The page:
About ROUND(100) years ago, I took a couple of COBOL courses. I never coded anything in COBOL after the classes, but the concept of a table look up has stuck with me.

Just like it sounds, this is used when you want to look something up in a table. For example, if I have ICD-10 codes, which are used to classify diagnoses, I could look up J09.X2 in a table and see that is “influenza”.

There are several ways to do this with SAS, including using PROC FORMAT, a one-to-many merge with either the data step or PROC SQL , a bunch of IF statements and a macro.

One way I learned very early on to do this in SAS was to use a PROC FORMAT.

Say I have a bunch of possible codes for outcomes for my program and they are coded 02 = applies all the way to 32 = “Post-employment services” .

PROC FORMAT; 
VALUE stats
0 = “referral”
2 = “applicant”
6 = “evaluation”
8 = “closed”
10 = “eligible”
12 = “IPE complete”
14 = “counseling”
18 = “training”
20 = “service complete”
24 = “service interrupted”
22 = “employed”
26 = “successful closure”
28 = “closed after service”
30 = “closed before service”
32 = “post-employment”
;

Another option, if I wanted to combine categories, like those who had a successful and unsuccessful outcome, is to do it like this :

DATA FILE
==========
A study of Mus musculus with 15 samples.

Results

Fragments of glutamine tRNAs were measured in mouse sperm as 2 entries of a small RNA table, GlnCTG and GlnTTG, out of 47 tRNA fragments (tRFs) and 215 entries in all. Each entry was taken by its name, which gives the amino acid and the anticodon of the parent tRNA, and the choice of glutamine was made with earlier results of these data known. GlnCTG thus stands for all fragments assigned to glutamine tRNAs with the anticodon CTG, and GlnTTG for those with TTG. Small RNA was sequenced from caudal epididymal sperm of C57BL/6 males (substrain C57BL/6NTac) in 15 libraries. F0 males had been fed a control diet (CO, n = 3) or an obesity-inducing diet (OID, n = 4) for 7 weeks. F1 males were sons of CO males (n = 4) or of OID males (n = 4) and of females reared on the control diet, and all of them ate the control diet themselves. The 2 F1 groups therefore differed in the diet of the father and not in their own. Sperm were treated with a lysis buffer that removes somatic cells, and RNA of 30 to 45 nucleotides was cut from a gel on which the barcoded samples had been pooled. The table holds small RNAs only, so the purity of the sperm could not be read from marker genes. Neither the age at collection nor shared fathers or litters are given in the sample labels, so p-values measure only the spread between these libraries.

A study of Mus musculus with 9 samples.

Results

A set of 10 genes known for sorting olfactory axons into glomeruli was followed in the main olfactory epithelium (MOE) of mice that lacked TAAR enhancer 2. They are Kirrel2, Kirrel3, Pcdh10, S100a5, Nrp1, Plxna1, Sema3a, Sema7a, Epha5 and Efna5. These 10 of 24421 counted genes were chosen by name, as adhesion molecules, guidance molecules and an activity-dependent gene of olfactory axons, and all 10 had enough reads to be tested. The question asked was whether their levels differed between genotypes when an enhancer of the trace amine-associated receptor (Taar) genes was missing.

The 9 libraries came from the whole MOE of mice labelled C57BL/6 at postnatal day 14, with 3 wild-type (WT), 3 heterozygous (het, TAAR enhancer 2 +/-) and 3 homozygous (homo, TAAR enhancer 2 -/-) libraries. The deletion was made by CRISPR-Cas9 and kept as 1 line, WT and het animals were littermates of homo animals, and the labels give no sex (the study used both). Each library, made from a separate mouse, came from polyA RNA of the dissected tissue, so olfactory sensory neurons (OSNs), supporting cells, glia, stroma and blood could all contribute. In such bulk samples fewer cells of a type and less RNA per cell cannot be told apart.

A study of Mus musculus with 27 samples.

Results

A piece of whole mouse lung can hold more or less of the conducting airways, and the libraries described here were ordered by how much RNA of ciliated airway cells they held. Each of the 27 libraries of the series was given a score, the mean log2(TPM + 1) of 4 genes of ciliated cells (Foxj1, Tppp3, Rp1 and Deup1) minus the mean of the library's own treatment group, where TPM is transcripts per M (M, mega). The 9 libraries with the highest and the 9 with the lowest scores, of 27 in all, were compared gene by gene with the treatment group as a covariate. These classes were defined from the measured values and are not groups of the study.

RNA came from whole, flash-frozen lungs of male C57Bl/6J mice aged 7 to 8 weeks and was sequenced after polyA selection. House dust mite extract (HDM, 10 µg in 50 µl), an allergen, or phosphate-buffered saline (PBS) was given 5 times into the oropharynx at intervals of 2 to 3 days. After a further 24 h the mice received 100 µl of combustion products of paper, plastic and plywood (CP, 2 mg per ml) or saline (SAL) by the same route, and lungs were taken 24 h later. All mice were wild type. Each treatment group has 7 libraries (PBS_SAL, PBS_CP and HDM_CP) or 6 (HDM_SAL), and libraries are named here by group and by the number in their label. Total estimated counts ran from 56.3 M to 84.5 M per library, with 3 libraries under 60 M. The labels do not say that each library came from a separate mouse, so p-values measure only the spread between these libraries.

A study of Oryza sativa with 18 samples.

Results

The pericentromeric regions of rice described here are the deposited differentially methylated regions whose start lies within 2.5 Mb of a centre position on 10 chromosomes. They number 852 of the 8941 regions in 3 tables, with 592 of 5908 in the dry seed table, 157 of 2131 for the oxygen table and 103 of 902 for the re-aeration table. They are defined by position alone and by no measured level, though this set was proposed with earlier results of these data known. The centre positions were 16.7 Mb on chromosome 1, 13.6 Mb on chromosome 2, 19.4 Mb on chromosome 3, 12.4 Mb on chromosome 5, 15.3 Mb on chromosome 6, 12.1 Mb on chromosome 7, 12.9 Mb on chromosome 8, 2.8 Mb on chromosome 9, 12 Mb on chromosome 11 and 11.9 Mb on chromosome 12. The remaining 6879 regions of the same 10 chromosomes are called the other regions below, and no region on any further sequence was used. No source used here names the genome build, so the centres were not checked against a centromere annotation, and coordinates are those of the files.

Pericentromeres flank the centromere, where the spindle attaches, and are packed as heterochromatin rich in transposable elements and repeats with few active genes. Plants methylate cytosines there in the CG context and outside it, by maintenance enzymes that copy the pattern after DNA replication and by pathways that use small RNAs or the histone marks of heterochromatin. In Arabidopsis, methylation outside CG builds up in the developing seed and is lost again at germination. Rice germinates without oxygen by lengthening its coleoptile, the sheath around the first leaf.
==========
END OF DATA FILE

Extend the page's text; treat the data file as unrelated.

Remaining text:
PROC FORMAT;
VALUE stats
0, 2, 6, 10 , 12, 14, 18, 20  = “open case”
24, 28, 30 = “unsuccessful”
22, 26 , 32 = “successful closure”
;

In either case,  if I just wanted to have the type of service printed , I could use a FORMAT statement , like this.

FORMAT status_type stats. ;

If I wanted to create a new variable I could use the put function to put the original value into a new variable using the format.

DATA testy ;
  SET mydata.vr_codes ;
  recoded_status = PUT(status_type,stats.) ;
  

Is there any advantage of PROC FORMAT over doing 20 or 50 IF statements?

I can think of several. First of all, you can use the same PROC FORMAT repeatedly.  If you need to do the same transformation with several different data sets, you can just do the format procedure once, include one PUT or FORMAT statement in each data step and you are done.  Second, since you can store formats permanently,  if you haven’t gotten around to learning macros yet, this can be one method of using the same code over and over in different programs. Third, it’s just less messy to type, which seems trivial until you have 300 values to recode. 

Some day I might write a post on user-defined formats, especially how to store and re-use them. Today is not that day. In the meantime, I highly recommend reading this paper on building and using  user-defined formats by Art Carpenter while you are waiting.


I live in opposite world. I blog on SAS and statistics for fun and make games for a living. Check out Making Camp Premium. Learn about Ojibwe culture, brush up your math skills, learn more English and have fun. All for under two bucks.